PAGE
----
Suspicions that the Federal Reserve’s moves won’t save the U.S. are often based on events in Tokyo. Round Rock, Texas, may be a better place to look.
That’s where the computer empire Michael Dell created in 1984 is based. As Fed Chairman Ben Bernanke pumps a new burst of stimulus into the economy, he hopes to spur businesses to hire, spend and help avoid a second recession.
It’s no longer so simple. In September, Dell Inc. sold $1.5 billion in 3-, 5- and 30-year notes. In regulatory filings, Dell said the proceeds were for “capital expenditures, advancements to or investments in our subsidiaries, and acquisitions of companies and assets.” Nine days later, Dell said it will spend more than $100 billion in China during the next decade.
Dell says the money it raised won’t be used outside the U.S. Yet it’s hard not to connect the dots and wonder what the Fed thinks it will accomplish by flooding America with cash when much of it will leak overseas. This is stimulating developing nations in Asia and elsewhere more than the U.S.
There are two reasons why the Fed’s largess is bad for Asia. The first has gotten lots of press: The torrent of hot money is adding to overheating risks. The second deserves more attention: Asian governments gain room to foster the false perception that their region is immune to the West’s malaise.
The internationalization of the Fed has been unfolding for two decades. When Mexico crashed in the mid-1990s, traders from Tokyo to New York looked to the Fed to rescue markets. When Asia blew up in 1997 and Russia defaulted in 1998, markets again turned to Washington. The Fed calmed investors and U.S growth surged.
That was then. An unexpected quirk of globalization is that the mighty Fed has been reduced to tossing monetary experiments at the wall to see what sticks. One round of quantitative easing here to boost growth, another there. And so on, and so on.
Things have gone so full circle that former Fed Chairman Alan Greenspan, a man as responsible as any for the credit crisis, is now taking potshots at the Bernanke Fed. The brouhaha over U.S. interest rates has even made a Fed watcher out of former Alaska Governor Sarah Palin.
All this is having a schizophrenic effect on Asia. On the one hand, it’s giving investors that 1996 feeling. More money is rushing into markets than can be productively used. In 1997, remember, things ended badly.
Premier Wen Jiabao last week said China is drafting measures to counter excessive price increases with inflation at the highest in more than two years. McDonald’s Corp. tells the story. The world’s largest restaurant chain is increasing prices for its burgers, drinks and snacks in China to offset costs. On Friday, China’s central bank said it will raise the reserve ratio requirement for banks by 50 basis points starting Nov. 29.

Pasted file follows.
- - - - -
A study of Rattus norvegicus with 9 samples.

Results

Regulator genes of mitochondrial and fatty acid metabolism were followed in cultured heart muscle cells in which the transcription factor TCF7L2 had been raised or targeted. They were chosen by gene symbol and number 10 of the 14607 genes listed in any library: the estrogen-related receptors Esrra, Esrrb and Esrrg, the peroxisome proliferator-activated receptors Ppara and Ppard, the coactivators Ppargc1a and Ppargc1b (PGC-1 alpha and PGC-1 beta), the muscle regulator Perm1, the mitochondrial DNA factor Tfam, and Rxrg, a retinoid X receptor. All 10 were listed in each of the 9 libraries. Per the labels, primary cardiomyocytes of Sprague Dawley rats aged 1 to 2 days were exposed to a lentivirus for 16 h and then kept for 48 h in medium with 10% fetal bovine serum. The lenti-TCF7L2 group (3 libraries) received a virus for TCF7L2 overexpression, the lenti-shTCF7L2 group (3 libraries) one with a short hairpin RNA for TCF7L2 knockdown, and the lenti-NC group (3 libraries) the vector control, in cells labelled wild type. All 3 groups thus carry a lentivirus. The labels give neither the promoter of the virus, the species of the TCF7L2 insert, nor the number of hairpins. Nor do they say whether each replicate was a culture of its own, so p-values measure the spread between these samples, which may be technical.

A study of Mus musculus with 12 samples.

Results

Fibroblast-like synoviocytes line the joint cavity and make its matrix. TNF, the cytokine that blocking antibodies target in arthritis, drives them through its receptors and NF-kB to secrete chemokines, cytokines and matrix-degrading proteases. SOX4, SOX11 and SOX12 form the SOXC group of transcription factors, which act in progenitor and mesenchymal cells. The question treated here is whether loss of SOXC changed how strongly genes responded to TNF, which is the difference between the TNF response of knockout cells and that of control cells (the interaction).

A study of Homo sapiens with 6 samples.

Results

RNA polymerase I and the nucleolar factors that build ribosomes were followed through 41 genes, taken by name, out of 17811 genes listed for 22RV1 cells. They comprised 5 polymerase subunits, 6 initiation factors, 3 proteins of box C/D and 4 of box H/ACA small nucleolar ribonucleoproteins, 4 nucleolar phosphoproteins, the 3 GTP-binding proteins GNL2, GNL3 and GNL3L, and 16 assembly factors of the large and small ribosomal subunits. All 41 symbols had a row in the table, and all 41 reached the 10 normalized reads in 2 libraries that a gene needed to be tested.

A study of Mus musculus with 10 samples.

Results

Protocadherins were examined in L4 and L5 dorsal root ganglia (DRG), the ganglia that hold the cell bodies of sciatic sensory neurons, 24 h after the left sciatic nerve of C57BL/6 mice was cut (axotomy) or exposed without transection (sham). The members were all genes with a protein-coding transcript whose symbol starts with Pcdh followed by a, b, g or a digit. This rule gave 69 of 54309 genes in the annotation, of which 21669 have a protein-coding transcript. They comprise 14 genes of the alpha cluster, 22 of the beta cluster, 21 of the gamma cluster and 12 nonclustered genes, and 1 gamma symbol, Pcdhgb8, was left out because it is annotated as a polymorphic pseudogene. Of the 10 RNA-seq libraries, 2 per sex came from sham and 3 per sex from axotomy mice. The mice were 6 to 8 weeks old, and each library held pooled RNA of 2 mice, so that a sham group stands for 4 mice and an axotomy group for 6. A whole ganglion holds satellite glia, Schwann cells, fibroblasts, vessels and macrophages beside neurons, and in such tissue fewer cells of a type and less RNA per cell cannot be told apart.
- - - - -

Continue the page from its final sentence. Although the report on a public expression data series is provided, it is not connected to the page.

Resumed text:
On the other hand, Asians were the winners from the global credit meltdown partly because of all the cash that arrived in search of better returns. While Asia’s leaders abhor the resulting rise in exchange rates, they understand that capital inflows have benefits. Asia hasn’t had to open the fiscal floodgates the way that the U.S., Japan and Europe have.
The risk is that Asian leaders let this good fortune go to their heads. All isn’t well in the global financial system as Ireland goes the way of Greece. As Europe’s debt crisis broadens and threatens bigger targets like Spain, the global credit crunch might kick up again. And who knows, maybe Ireland will soon be hitting up cash-rich China for a bailout.
Asia has proven it can live without the U.S. consumer, at least for a while. Yet the quality of growth matters as much as the quantity. Is it based on true, sustainable demand or the Fed’s bubbles? There’s reason to think it’s the latter rather than the former driving Asian markets. It means Asia’s current pace isn’t sustainable as long as the $14 trillion U.S. economy and troubled euro zone are limping.
Quantitative easing hasn’t worked for Japan. If it’s going to work in the U.S., capital controls may be inevitable. The Fed must stop the seepage of liquidity overseas. It makes no sense for the Fed to take such monumental risks with its balance sheet if America isn’t reaping the benefits. Wanton U.S. policies also are dangerous in the long run if they make developing nations more vulnerable to boom-and-bust cycles.
That gets us back to Round Rock, Texas. By investing so much in China, Dell is anticipating the trajectory of global growth. Standard Chartered Plc thinks China’s economy will overtake the U.S. by 2020. If so -- and it’s a big if -- Dell is just operating in the best interest of shareholders.
Bernanke shouldn’t be accelerating the process, though, and that’s the upshot of his actions. It’s one thing to take the Fed into unchartered territory. It’s quite another to force-feed the benefits and risks of U.S. policies to other countries.
(William Pesek is a Bloomberg News columnist. The opinions expressed are his own.)